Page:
Douglas L. Frost, vice president for development emeritus, recounts MICA and Baltimore's history in the book

Posted 07.29.11 by MICA communications

The 'Best of Baltimore' award for 'Coffee-Table Book' was given to MICA.

As part of their annual ‘Best of Baltimore' awards, Baltimore Magazine named MICA's recently published history book, "Making History / Making Art / MICA," the ‘Best Coffee Table Book.' Baltimore Magazine said Douglas L. Frost, the author and vice president for development emeritus at MICA, "did his homework to craft a well-researched, highly readable narrative that traces the school's evolution from the Industrial Revolution to the digital age." The review goes on to applaud the design work done by MICA's Abbott Miller and Jeremy Hoffman ‘00.

"Making History / Making Art / MICA" was also praised by influential graphic designer Steven Heller in his daily column for Imprint, Print Magazine's blog. Heller, who is one of the most respected voices in the design world, calls the book a "page turner." During an interview with Frost, Heller says the "richly illustrated" book debunks the notion that "institutional histories can be as excited as watching standing water." Heller's review was sent out as part of his e-newsletter, The Daily Heller, which reaches over 50,000 people.

READ: Read Steven Heller's review on Print Magazine's blog in The Daily Heller.

MICA History BookFrost will lead a talk at the Wheeler Auditorium in the Central Library of the Enoch Pratt Free Library in partnership with the Maryland Historical Society on Tuesday, Sept. 20 at 7 p.m. He will be talking about the history of MICA as told in his book, as well as fielding any questions guests have. A graduate of Trinity College, Frost joined MICA in 1966 after obtaining an MA in History from Yale. Upon becoming vice president for development emeritus in 2006, he began researching and writing MICA's history.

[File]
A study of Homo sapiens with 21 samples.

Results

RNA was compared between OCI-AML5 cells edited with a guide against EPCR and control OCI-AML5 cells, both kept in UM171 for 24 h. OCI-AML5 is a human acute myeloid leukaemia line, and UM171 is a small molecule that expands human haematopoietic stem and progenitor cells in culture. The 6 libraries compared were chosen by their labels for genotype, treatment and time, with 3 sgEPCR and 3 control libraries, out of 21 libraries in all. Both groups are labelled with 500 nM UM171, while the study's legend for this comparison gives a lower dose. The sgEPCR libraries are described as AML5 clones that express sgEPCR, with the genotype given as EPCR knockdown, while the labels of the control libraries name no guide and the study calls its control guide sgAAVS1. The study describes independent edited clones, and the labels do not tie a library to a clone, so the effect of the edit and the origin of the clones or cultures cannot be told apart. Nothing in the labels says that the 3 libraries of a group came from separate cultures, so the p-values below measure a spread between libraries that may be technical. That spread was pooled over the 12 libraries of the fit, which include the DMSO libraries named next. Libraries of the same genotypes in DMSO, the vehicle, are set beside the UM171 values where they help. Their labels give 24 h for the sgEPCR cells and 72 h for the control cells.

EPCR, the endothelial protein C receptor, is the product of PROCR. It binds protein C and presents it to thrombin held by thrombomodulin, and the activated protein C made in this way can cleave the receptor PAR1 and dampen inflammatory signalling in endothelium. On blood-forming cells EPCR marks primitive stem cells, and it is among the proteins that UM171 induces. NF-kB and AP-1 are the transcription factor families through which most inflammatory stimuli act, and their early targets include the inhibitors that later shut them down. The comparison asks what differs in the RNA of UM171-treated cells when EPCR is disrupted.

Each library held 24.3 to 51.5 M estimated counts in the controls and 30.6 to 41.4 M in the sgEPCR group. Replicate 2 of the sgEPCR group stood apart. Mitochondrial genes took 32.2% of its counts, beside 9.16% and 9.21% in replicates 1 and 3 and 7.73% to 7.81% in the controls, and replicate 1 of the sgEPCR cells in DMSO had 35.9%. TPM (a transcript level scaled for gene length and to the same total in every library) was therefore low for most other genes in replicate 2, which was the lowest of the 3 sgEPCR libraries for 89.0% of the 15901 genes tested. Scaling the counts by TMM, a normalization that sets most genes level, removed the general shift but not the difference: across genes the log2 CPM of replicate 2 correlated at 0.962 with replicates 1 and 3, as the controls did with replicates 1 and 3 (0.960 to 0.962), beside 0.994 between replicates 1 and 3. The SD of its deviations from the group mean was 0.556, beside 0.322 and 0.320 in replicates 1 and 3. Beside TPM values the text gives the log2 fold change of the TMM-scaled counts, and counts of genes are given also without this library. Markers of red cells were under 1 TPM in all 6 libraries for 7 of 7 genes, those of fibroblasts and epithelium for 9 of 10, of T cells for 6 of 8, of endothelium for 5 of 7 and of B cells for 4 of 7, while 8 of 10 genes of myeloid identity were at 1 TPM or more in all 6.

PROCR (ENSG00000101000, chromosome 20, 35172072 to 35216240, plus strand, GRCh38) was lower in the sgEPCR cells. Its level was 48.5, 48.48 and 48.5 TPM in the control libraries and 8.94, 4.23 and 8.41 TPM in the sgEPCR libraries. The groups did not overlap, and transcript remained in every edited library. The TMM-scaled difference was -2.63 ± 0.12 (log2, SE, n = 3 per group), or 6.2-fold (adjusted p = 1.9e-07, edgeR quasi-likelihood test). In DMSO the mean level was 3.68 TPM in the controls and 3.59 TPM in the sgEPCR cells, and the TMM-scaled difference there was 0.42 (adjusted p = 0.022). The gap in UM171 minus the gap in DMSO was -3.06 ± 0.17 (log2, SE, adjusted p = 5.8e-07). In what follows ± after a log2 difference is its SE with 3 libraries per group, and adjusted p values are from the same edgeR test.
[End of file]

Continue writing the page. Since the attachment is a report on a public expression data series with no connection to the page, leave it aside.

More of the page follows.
LEARN MORE: For details on the talk, check the Enoch Pratt Free Library calendar.

Along with Frost and designers Miller and Hoffman, many MICA family members made up the production team for the book, including Amy Hunter, Mary Ann Lambros '63, Katherine Cowan '81, William J. Evitts, Kim Carlin, Barbara Horowitz '76, Christy Wolfe '74. It was produced in collaboration with Charles McAree of Schmitz Press of Maryland and Mike Davis of Colorprep.

LEARN MORE: To learn more about "Making History / Making Art / MICA" or purchase a copy, visit the MICA History Book page.

Founded in 1826, Maryland Institute College of Art (MICA) is the oldest continuously degree-granting college of art and design in the nation. The College enrolls nearly 3,500 undergraduate, graduate and continuing studies students from 49 states and 65 countries in fine arts, design, electronic media, art education, liberal arts, and professional studies degree and non-credit programs. With art and design programs ranked in the top ten by U.S. News and World Report, MICA is pioneering interdisciplinary approaches to innovation, research, and community and social engagement. Alumni and programming reach around the globe, even as MICA remains a cultural cornerstone in the Baltimore/Washington region, hosting hundreds of exhibitions and events annually by students, faculty and other established artists.

Globe Poster collection - Miles Davis

Baltimore Magazine also awarded MICA a 'Best of Baltimore' award for 'Aquisition.' Earlier this year, MICA announced the intent to purchase approximately 75 percent of the historic Globe Poster company. Since 1929, Globe had been printing posters for vaudeville acts, movie theaters, burlesque houses and carnivals. However, the company became known for its work with R&B and soul performers, including James Brown, Ike and Tina Turner and Solomon Burke-and later hip-hop acts.

"Over the years, Globe designed and printed day-glo saturated posters for virtually every African-American musician of note... and that legacy and design aesthetic, which was developed right here in Baltimore, was in danger of extinction," wrote the magazine.